Copyright, Public Domain, Licensing, and Intellectual Property
Here is a helpful list of resources pertaining to copyright, licensing, intellectual property, and other related topics for legally and ethically using materials for teaching and research.
- Fair Use affords the public the right to to use portions of copyrighted materials in some circumstances-- usually for comment, criticism or parody--freely and without permission of the copyright holder.
- Fair use of an image does not mean that you don't have to cite the source of the image, you still need to cite the source!
- Fair use law is somewhat vague and subjective, and cases are decided on an individual basis.
- Educational fair use is not specifically outlined in Copyright Law, but guidelines have been developed that provide educational institutions with some direction. See Educational Fair Use Guidelines for Digital Images.
Image and text used with permission from Jill Markgraf
No permission is needed to use works in the public domain because they are not protected by copyright. Most works enter the public domain when the law no longer considers them under copyright. Visit the above links (in the Copyright section) for more information.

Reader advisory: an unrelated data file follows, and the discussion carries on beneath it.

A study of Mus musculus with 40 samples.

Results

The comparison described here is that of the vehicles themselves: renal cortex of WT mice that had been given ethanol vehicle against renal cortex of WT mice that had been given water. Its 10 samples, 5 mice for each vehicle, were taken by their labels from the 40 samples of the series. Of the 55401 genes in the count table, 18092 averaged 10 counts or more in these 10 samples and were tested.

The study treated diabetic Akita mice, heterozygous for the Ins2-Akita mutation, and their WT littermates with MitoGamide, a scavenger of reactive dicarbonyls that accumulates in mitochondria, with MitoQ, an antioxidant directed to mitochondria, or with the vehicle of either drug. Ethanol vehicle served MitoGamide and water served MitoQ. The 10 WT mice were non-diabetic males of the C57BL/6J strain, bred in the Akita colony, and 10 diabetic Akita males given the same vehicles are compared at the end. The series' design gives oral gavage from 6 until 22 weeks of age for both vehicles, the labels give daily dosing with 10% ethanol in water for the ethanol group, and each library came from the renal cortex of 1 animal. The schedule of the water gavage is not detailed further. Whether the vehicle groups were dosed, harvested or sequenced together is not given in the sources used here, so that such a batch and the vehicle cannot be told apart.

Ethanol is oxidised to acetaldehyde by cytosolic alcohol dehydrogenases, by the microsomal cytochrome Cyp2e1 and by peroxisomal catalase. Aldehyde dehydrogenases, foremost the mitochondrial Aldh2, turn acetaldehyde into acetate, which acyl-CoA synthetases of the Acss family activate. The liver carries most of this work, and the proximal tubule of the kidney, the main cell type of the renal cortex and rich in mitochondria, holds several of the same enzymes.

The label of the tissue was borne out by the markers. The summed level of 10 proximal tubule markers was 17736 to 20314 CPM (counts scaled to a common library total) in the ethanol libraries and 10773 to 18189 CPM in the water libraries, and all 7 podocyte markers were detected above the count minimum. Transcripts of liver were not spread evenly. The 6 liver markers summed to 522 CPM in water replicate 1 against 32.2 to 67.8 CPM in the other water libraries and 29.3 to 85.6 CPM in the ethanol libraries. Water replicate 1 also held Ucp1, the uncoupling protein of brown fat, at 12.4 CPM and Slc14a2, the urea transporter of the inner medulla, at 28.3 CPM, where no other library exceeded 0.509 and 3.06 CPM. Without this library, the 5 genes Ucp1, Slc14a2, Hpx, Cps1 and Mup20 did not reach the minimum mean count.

Diego Velázquez [Public domain], via Wikimedia Commons
Is this photograph in the public domain?
According to Wikimedia.org "this work is in the public domain in the United States, and those countries with a copyright term of life of the author plus100 years or fewer." The Wikimedia Foundation adds, "faithful reproductions of two-dimensional public domain works of art are public domain, and that claims to the contrary represent an assault on the very concept of a public domain". However, the Prado Museum owns the painting and therefore, can theoretically claim rights to the painting. The photographer might also be able to claim rights to this reproduction of Velazquez's painting. The law is unclear in this area. What do you think?